Local legislators says education, state budget will dominate session
Published 12:02 am Wednesday, January 7, 2015
NATCHEZ — Adams County’s representatives at the state capitol said they anticipate education and state budgetary issues will dominate this year’s legislative session.
The legislature officially opened at noon Tuesday, with the ceremonial opening lasting less than an hour. In the Senate, Giles Ward, R-Louisville, was selected to replace the late Terry Brown as president pro tem.
Sen. Melanie Sojourner, R-Natchez, said she attended an anti-Common Core rally at the Capitol following the close of Tuesday’s proceedings, a cause the senator said she will continue to push during the legislative session.
Common Core is a multi-state initiative to ensure a single set of educational standards across the United States. While the initiative started independently of the government, some opponents have characterized its implementation as being hijacked by undue federal influence.
“The rally was great,” Sojourner said. “This was a group of folks who the Senate conservative coalition started working with over a year ago, year and a half. We started with this group of parents from around the state, from our home districts and adjoining districts.
“Last year, we worked really hard to bring it to the attention of both the House and Senate, and were only able to muster 10 votes in senate against it. A lot of that work has really taken off, and those constituents have really taken the charge.”
Sojourner was part of the coalition who traveled the state last year to rally support against implementing the measure. Lt. Gov. Tate Reeves has said he would support legislation scrapping Common Core.
“Last year we didn’t get any support in the House, Senate or the governor’s office, but this year we saw the governor speak at the common core rally (Tuesday),” she said. “He had done more research and listened to the constituents of Mississippi, and he said he is now against it.”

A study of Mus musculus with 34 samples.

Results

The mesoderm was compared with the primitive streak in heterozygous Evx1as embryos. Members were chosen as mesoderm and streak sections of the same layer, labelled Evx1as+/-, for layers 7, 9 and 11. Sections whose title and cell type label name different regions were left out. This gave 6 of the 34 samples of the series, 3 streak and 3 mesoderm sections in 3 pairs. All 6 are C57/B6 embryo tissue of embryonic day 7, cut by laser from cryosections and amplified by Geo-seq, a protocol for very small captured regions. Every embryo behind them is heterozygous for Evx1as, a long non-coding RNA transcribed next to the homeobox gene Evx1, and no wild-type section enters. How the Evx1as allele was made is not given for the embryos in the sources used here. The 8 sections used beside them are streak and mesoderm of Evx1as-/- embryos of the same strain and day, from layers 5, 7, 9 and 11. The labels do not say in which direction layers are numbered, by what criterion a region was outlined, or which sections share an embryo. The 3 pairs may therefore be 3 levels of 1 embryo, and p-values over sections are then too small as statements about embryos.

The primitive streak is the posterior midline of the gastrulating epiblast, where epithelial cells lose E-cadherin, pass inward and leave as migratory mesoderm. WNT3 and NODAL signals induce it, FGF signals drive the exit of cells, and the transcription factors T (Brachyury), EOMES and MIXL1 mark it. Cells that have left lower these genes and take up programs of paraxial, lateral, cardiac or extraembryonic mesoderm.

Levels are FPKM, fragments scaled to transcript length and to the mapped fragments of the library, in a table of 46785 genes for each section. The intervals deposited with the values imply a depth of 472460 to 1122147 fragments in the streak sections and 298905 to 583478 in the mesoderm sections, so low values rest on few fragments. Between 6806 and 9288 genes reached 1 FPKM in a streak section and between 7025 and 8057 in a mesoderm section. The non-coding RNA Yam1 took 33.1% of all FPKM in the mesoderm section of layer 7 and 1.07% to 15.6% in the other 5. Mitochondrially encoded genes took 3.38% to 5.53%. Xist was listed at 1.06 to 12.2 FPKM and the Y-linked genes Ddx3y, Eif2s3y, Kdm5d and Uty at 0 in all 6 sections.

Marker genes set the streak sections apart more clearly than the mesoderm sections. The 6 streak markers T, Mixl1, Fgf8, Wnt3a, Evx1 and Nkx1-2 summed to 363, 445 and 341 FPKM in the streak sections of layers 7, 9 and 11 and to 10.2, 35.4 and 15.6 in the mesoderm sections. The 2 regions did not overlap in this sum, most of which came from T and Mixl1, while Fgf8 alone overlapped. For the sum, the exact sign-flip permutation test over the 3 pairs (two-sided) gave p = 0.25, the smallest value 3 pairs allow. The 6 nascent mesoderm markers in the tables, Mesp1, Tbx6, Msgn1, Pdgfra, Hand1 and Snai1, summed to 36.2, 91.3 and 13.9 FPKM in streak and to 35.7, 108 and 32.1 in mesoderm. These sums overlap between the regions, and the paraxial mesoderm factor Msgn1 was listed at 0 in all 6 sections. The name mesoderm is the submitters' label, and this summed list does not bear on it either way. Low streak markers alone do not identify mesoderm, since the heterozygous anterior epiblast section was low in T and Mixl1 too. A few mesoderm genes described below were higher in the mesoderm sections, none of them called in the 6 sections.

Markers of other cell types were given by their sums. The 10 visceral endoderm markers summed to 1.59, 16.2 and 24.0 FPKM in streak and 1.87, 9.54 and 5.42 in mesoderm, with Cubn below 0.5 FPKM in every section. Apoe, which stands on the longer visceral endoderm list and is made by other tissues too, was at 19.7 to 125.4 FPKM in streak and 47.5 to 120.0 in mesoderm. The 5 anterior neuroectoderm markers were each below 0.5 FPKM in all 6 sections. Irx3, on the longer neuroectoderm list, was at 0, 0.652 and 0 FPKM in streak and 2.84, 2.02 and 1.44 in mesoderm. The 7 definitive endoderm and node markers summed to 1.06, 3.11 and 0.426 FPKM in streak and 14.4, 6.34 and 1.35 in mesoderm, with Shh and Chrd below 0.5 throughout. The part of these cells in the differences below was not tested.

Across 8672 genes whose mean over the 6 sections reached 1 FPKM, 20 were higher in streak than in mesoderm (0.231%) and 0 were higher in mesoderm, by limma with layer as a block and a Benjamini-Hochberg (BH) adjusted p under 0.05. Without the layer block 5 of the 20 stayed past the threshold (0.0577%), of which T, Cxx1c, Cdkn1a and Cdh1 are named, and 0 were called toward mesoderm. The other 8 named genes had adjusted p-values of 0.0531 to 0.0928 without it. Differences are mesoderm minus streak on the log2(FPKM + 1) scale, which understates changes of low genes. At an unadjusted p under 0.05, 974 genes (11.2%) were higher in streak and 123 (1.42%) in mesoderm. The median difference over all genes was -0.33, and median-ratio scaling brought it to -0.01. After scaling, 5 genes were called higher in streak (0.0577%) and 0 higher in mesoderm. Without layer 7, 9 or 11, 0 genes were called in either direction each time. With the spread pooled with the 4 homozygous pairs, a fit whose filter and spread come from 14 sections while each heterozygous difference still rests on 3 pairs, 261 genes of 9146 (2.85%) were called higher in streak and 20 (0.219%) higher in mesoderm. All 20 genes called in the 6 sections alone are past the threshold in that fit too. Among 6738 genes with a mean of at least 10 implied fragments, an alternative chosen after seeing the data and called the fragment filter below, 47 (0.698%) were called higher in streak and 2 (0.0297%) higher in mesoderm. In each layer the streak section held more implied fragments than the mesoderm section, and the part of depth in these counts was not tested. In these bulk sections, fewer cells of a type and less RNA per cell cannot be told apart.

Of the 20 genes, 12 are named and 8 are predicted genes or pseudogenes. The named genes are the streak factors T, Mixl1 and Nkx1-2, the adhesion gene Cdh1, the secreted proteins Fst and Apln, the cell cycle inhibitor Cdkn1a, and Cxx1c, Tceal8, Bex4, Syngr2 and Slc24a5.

Sen. Kelvin Butler, D-Magnolia, said he supports Common Core.
“We have 45 other states that are doing this, and it will help our children — when they leave and go elsewhere, they will be at the same level as they were here in Mississippi,” he said. “I know there are some bumps in the road, but I think we need to let folks who educate educate and let politicians be politicians. If there is some way to enhance it, we can do that, but I think at this point to dismantle it would be a grave mistake.”
Butler also said he would fight for education funding, and would renew his nearly annual effort to implement a state lottery to fund college tuition for Mississippi students.
District 94 Rep. Robert Johnson III, D-Natchez, said he believes the state budget will dominate the session.
Johnson serves as a sub-committee chairman on the House appropriations committee, and the house and senate committees will have a joint meeting today.
“We had $50 million above our estimated (revenue) in December, so we ought to be good moneywise,” he said. “The question that comes in is are we going to take care of some of our needs or are we going to work on tax cuts?”
Johnson said as chairman of the house transportation committee he would angle to get funding to address the numerous deficient bridges across the state.
“My push will be to address the half-billion dollar bridge problem we have in the state, and especially the needs we have in Southwest Mississippi,” he said. “My (legislative submissions) are all centered around funding and restructuring of funding to pick up or elevate our roads and bridges, and education.”
Johnson’s Republican colleague in the house, District 97 Rep. Sam Mims of McComb, said he thinks the session will be productive and that the legislature will end with a solid budget.
“I expect us to have a good, sound, fiscally conservative budget,” Mims said. “I expect us to continue to have a good rainy day account in case our economy heads in the wrong direction, and I expect not to spend one-time monies on fund reoccurring expenses in order to have a solid budget.”
Mims said he would also focus on the state’s health care. Mims is the house chairman of the public health and human services committee.
“I’ve pre-filed a bill that would allow any hospital that has 50-beds or less to apply for a grant,” Mims said. “The grant program would be capped at $10 million, and the cap for each hospital would be $500,000. The small rural hospitals have to reinvent themselves, because health care is changing and they have got to find a way to survive in this new environment.”
District 96 Rep. Angela Cockerham, D-Magnolia, could not be reached for comment.